More MS news articles for June 2001

GW rolls up

June 14, 2001
By Stephen Pritchard,

Supporters of legalising cannabis have long argued that the herb harbours medical benefits, including aids for sufferers of cancer and glaucoma. Now a number of companies are planning ways to make money while the grass grows.

One of these, GW Pharmaceutical, is developing a range of medicines that use cannabinoids, the active ingredient of cannabis, as their base. The company hopes that doctors will be able to prescribe these drugs as treatments for multiple sclerosis, cancer pain and rheumatoid arthritis.

The company is now seeking a listing on AIM and hopes to raise £16m before costs. The offer will value the company at between £140m and £170m, with trading expected to start on June 28.

The money will go to fund Phase III clinical trials, the final step in the medicines approvals process. GW will also use the money to set up production facilities. The multiple sclerosis drugs look set to be first to go on sale. GW expects to apply for approval to the government's Medicines Control Agency in 2003, with first sales expected in 2004.

Age-old treatment

Cannabis has been used as a therapeutic drug -- legally and illegally -- for hundreds of years. According to GW's directors, this should work to the company's advantage. "The long history of medicinal use of cannabis means that the development of cannabis-based medicines holds a greater certainty of success than many other biopharmaceutical programmes," they say.

The UK government has said it will not object to cannabis-based medicines, as long as they gain approval in the usual way. The US authorities take a similar view.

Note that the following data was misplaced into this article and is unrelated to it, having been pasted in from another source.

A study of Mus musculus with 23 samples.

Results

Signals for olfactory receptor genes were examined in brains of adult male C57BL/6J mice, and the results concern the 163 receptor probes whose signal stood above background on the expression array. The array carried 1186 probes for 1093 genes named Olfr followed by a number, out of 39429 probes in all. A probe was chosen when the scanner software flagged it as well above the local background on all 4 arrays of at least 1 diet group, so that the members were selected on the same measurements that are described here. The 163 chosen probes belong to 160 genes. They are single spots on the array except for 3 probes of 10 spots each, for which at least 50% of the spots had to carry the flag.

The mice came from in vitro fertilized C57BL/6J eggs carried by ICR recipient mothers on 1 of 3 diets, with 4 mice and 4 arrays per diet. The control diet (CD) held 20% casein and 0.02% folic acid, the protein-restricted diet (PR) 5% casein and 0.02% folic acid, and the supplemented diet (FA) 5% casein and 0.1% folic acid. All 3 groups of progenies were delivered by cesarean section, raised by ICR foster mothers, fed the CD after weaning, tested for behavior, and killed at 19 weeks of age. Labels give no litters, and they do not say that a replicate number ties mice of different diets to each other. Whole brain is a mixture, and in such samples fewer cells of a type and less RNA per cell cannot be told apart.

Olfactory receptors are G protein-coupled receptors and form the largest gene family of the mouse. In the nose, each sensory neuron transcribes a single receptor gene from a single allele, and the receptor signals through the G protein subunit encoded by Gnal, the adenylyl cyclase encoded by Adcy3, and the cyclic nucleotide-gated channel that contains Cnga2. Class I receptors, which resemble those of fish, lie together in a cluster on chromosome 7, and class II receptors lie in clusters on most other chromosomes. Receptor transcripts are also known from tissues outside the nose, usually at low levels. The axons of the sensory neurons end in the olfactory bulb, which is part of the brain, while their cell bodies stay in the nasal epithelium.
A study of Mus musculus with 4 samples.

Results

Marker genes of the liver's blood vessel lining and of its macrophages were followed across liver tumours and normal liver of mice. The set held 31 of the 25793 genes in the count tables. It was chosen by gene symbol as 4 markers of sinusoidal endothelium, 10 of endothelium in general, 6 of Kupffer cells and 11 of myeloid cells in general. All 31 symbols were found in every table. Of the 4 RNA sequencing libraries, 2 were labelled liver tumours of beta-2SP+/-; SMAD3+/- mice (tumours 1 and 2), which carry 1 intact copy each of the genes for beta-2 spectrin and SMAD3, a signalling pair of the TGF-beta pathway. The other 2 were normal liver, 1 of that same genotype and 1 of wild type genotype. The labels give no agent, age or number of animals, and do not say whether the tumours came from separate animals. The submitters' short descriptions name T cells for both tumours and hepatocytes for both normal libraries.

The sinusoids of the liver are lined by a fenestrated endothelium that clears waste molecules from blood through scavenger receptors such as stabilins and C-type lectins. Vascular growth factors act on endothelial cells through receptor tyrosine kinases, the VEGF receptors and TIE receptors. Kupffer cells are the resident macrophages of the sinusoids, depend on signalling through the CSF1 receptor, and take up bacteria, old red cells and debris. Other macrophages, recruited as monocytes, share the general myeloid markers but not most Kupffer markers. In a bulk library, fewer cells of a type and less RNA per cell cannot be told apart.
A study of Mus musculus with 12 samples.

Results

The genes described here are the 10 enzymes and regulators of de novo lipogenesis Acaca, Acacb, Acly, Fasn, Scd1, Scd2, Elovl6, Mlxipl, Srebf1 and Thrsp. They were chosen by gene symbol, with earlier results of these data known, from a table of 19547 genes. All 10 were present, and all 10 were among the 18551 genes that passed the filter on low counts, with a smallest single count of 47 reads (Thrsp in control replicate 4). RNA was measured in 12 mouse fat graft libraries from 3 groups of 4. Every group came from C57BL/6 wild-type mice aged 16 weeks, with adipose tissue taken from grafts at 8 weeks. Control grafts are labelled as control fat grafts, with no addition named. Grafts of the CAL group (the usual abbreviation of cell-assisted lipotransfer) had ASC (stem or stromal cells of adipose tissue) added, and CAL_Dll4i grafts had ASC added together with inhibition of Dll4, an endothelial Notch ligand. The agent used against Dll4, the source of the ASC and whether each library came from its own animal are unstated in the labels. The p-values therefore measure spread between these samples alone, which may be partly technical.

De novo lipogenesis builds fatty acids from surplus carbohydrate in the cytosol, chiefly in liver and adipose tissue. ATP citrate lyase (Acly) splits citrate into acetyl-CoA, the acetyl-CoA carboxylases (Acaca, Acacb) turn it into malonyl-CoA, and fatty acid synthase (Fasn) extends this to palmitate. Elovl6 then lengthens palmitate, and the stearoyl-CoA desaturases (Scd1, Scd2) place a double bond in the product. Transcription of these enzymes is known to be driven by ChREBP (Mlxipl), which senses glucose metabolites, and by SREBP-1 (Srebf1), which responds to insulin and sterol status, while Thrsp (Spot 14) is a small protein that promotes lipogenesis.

Clearly, this stops a long way short of prescribing cannabis itself. Instead, GW will be making its treatments from a standardised extract from specially-bred cannabis plants. The drugs will be available as tablets, sprays and an inhaler. There are many precedents for making legal drugs from an otherwise illegal substance: opiates, as one example, are widely used as the basis for painkillers.

The company will have a large market for its drugs if trials are successful: the number of MS sufferers alone is put at 2.5 million (according to GW). GW plans to expand into other sectors, such as treatments for migraine, schizophrenia and epilepsy.

Cultivating a market

The development process does contain risks for GW, however. As well as the usual uncertainties that surround any clinical trial programme, there is the issue of social acceptability for cannabis-derived treatments.

Then there is the issue of supply. To meet demand, GW will have to ensure that enough of the right varieties of cannabis plants are cultivated, and at the right quality. Needless to say, the cultivation, processing and supply of the drug raise security issues. But if the company can produce drugs which avoid the side effects of many current treatments, it should have the basis for a successful business.

Pricing for shares in GW Pharmaceuticals will be set on June 21. Collins Stewart is handling the placing, which is being aimed at institutional investors.

Stephen Pritchard is's broadcast editor.